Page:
Complicate and complicit are easily confused words.
The spell-check application of most word processing software programs would not catch a slip-up of these two words. Spell-check is looking for words that aren’t in its dictionary, and words that resemble words in its dictionary, but are possibly spelled wrong. Spell-check isn’t perfect. It doesn’t know and can’t guess what word you wanted, or what word you meant, it can only judge the words on the page. If you used words that are all spelled correctly, it gives you a pass anyway.
Autocorrect suggests words that start with the same letters. It’s suggesting what word you may want to save time, but quite often, its suggestions are pretty off base. They don’t help you out, but they do make you laugh.
Complicate (pronounced “cawm-plih-kate”) has multiple forms.
- As a verb, it means to make things complex, intricate, or not easy to understand or sort out.
- As an adjective, it describes something complex or intricate. In entomology, it describes multi-folding wings of insects.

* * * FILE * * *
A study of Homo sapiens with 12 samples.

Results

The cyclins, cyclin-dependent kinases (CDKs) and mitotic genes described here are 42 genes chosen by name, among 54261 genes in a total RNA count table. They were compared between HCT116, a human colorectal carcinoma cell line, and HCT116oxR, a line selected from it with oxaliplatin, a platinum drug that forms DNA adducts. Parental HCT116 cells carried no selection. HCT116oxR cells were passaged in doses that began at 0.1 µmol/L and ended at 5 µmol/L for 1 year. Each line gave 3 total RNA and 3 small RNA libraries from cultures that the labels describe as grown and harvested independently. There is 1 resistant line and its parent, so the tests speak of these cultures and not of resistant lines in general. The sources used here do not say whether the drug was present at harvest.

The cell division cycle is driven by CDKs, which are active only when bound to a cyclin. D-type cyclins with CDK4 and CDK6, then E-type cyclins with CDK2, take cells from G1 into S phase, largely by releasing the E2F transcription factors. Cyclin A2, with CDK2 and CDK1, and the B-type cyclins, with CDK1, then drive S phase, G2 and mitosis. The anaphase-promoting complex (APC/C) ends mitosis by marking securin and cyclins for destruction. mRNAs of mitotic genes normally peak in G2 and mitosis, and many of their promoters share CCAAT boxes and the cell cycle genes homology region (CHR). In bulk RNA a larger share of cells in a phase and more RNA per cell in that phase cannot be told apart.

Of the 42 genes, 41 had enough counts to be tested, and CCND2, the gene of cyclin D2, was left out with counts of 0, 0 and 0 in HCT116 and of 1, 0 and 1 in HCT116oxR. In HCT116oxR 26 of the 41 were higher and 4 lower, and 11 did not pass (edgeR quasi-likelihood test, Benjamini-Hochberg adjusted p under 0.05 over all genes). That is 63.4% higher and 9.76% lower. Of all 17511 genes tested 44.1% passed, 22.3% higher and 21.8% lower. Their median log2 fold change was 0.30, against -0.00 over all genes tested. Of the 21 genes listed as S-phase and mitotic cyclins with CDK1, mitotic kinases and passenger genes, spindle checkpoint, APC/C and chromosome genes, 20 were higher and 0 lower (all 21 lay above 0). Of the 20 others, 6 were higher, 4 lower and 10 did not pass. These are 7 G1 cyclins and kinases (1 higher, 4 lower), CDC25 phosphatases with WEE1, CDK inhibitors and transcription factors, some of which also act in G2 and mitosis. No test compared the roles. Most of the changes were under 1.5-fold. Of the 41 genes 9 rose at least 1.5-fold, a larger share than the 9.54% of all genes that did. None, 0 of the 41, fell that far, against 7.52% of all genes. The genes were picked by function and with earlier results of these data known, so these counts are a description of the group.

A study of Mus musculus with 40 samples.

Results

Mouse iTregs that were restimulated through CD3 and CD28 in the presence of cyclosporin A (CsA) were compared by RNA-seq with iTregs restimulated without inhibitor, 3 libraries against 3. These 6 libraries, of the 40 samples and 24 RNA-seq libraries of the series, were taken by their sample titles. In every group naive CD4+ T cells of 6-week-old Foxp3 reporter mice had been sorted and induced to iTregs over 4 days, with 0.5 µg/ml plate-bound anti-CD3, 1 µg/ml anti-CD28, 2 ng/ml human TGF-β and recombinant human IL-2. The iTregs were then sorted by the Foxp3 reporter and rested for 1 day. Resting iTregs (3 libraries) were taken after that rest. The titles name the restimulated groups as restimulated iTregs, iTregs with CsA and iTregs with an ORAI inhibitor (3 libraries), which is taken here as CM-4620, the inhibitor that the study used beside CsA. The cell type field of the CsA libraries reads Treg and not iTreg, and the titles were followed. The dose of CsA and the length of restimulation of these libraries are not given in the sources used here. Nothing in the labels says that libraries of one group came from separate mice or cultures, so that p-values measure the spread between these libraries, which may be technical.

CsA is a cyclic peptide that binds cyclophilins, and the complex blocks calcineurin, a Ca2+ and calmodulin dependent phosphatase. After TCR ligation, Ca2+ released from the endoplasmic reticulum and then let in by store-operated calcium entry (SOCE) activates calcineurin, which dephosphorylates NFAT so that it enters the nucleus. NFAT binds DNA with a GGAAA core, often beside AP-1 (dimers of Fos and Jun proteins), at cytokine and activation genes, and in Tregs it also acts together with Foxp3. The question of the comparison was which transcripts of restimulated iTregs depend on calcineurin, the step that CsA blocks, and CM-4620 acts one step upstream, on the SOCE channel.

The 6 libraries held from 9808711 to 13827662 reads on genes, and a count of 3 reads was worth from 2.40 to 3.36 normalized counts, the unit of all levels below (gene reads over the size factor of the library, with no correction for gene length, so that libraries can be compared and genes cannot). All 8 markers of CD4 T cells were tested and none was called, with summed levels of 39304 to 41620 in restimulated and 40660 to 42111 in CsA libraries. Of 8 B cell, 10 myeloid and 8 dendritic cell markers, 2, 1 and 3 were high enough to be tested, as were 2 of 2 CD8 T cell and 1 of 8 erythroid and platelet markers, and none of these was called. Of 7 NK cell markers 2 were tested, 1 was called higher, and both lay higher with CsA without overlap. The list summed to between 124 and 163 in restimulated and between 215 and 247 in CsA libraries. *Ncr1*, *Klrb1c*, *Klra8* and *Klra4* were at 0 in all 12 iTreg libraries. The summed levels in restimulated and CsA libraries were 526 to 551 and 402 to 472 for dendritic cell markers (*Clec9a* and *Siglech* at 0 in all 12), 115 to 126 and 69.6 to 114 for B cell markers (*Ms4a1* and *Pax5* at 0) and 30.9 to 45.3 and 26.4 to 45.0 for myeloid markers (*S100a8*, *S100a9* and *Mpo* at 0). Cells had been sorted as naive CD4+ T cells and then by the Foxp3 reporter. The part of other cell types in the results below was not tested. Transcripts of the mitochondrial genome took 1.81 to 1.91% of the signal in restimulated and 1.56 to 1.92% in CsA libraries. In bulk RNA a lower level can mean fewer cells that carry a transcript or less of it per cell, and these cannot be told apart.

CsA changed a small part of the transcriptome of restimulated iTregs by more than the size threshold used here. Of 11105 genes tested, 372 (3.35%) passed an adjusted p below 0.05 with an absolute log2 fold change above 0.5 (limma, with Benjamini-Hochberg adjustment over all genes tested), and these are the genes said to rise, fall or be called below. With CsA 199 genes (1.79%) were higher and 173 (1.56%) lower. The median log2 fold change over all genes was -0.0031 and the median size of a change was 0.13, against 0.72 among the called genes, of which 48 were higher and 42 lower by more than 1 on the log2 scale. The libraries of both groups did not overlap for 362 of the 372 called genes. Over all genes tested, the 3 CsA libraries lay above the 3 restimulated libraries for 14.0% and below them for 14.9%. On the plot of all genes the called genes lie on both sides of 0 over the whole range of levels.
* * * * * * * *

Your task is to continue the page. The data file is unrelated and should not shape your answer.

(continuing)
Complicit (pronounced “cuhm-pliss-itt”) is an adjective. It describes someone who is guilty of being an accessory to someone else’s criminal or immoral activity. Maybe they were involved in it, or covering it up, or maybe they are guilty because they refuse to blow the whistle on wrongdoing or corruption that they are aware of.
The following story uses both words correctly:
Comgan was tasked with handling a case of a difficult divorce situation. What made complicated things is that the husband wanted to marry her former best friend, who was now 6 months pregnant. The soon to be ex-wife was also expecting, and there was mystery about who the father was. Was it the husband, or was it a work colleague, was it an old boyfriend from years past? And were any additional friends complicit in either partners’ deceit of one another? Who strayed first?